Why comply with data protection laws when you can just anonymize personally-identifiable data? The situation is not so clear-cut …
In the current and ongoing global concern over data privacy, among the many techniques that can be deployed for compliance, one method is anonymizing the data when appropriate.
In fact, at the Centre for Development of Advanced Computing (C-DAC), India, it is an axiom that “personal data that has been properly treated this way helps organizations avoid the need for regulation.”
According to the center’s Principal Technical Officer, Shilpa Oswal: “You don’t need to abide by the privacy laws when you’re using the truly anonymized data. Once data is truly anonymized and individuals are no longer identifiable, the data will not fall within the scope of the GDPR.”
By definition, data anonymization is the process of protecting private or sensitive information by erasing, encrypting, or masking identifiers that connect an individual to stored data. Examples of personally identifiable data include names, social security numbers, mobile numbers, etc.
“Truly anonymized data sets, which do not relate to an identified or identifiable natural person, can be published or shared with any party without legal obligations,” continued Shilpa. “We don’t need user consent to share it or use it.”
Techniques to anonymize data
According to Shilpa, database providers are cognizant of the need for anonymization, and cited an example of how the open source object-relational database PostgreSQL has an extension available to implement anonymization.
However, the act of anonymization is not as easy as flicking a switch, and care must be taken on how it is done, depending on what the data is needed for.
For example, organizations need to decide whether the anonymization will be static or dynamic.
- Static anonymization means that the data is changed permanently on the database (or more usually, a copy of it).
- Dynamic anonymization means that the change is applied to the results of the query, and not the entire data set.
Shilpa felt that most industries use static anonymization because it is ‘once-and-done’, with the added benefit that once data is anonymized, it does not matter what happens to the data, even if it is stolen, “whereas dynamic anonymization is a less mature technology for the moment, and there are very few customer success stories for this.”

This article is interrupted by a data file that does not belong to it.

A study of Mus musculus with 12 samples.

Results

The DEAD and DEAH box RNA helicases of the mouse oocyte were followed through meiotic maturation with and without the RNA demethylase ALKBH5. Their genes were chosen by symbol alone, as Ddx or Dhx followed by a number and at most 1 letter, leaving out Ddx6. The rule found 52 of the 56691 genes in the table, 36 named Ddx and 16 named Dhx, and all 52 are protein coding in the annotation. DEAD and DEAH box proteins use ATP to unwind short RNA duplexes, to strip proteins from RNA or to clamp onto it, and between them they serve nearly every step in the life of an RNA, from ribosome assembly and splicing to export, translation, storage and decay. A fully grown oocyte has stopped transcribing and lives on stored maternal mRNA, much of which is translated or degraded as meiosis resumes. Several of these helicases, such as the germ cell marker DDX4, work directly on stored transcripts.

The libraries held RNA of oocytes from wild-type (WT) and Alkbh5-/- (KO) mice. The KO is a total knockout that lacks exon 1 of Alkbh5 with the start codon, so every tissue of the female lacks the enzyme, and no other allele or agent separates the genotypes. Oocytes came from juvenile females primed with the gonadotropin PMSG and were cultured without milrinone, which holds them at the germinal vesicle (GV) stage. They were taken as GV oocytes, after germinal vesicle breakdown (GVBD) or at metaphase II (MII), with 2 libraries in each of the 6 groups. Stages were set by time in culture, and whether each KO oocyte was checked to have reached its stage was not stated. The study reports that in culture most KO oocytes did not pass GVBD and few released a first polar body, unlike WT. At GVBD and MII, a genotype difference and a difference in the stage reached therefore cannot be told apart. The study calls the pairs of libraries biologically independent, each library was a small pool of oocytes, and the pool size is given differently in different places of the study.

Another consideration is how the data is physically anonymized, via several different techniques, each with its own benefits:
- Attribute or record separation means deleting the attribute or record directly from the data set. There is no risk of re-identification, but there is permanent data loss.
- Pseudonymization is the use of fake or pseudo identifiers. Pseudo identifiers are created with a one-to-one mapping to the original identifiers, which means the pseudo data can be ‘translated’ back to the original.
- Generalization is to make the data more generic by grouping them into broad areas. For example, although Bob is 28 years old, it is recorded that Bob’s age is between 20 and 30 years of age. However, higher generalization impacts the utility of the data.
- Synthetic data uses completely artificial data to replace the original. It is suitable for testing purposes, and there is no risk of re-identification. However, large datasets may require high computing resources, so cost may become a factor.
- Data perturbation is when the data is modified by adding random noise. Mostly suitable for numeric values.
- Data swapping is when data sets are rearranged, essentially a reshuffling of data. However, it may create unusual conditions (e.g., if the male and female gender of patients are swapped in a medical database).
All pros and no cons?
Despite the benefits that anonymization brings, Shilpa noted that it can also bring disadvantages, especially as websites strive to deliver a more personalized experience to visitors. “Many websites are doing that, and it is not possible if we have only anonymized data. We cannot use this anonymized data for marketing efforts.”
Nevertheless, as far as Shilpa is concerned, anonymization is a key tool in protecting data privacy: in her opinion, organizations of all types and sizes should endeavor to implement data privacy as best they can to protect the digital identities of their users.
If organizations do not double down on improving data privacy, digital identities of individuals will inevitably become compromised. “When this happens, the consequences would have serious implications for the individuals whose identities are stolen, and for the organizations suffering the breach: these include negative brand exposure, loss of customer trust, and potential litigation due to non-compliance with data privacy regulation,” Shilpa reiterated.
So, does anonymization absolve every organization of compliance laws? What are the ethical and legal considerations if an organization elects certain anonymization techniques that end up allowing cybercriminals to piece together disparate pieces of sub-anonymized data to form usable data for identifying individuals?
Current data privacy and protection laws have also not addressed possible exploitable loopholes in how organizations can interpret the term “without disproportionate effort” that describes how anonymization levels must foil casual attempts at piecing fragments of data into a fuller picture. This can lead to grey zones that, when anonymization comes into widespread use, encourage unethical corporate behavior.
Ultimately, while anonymization is both a good buffer and catalyst of data management compliance, regulatory authorities will also need to keep a tight rein on how organizations enjoy the liberties responsibly and take full responsibility for anything that goes awry.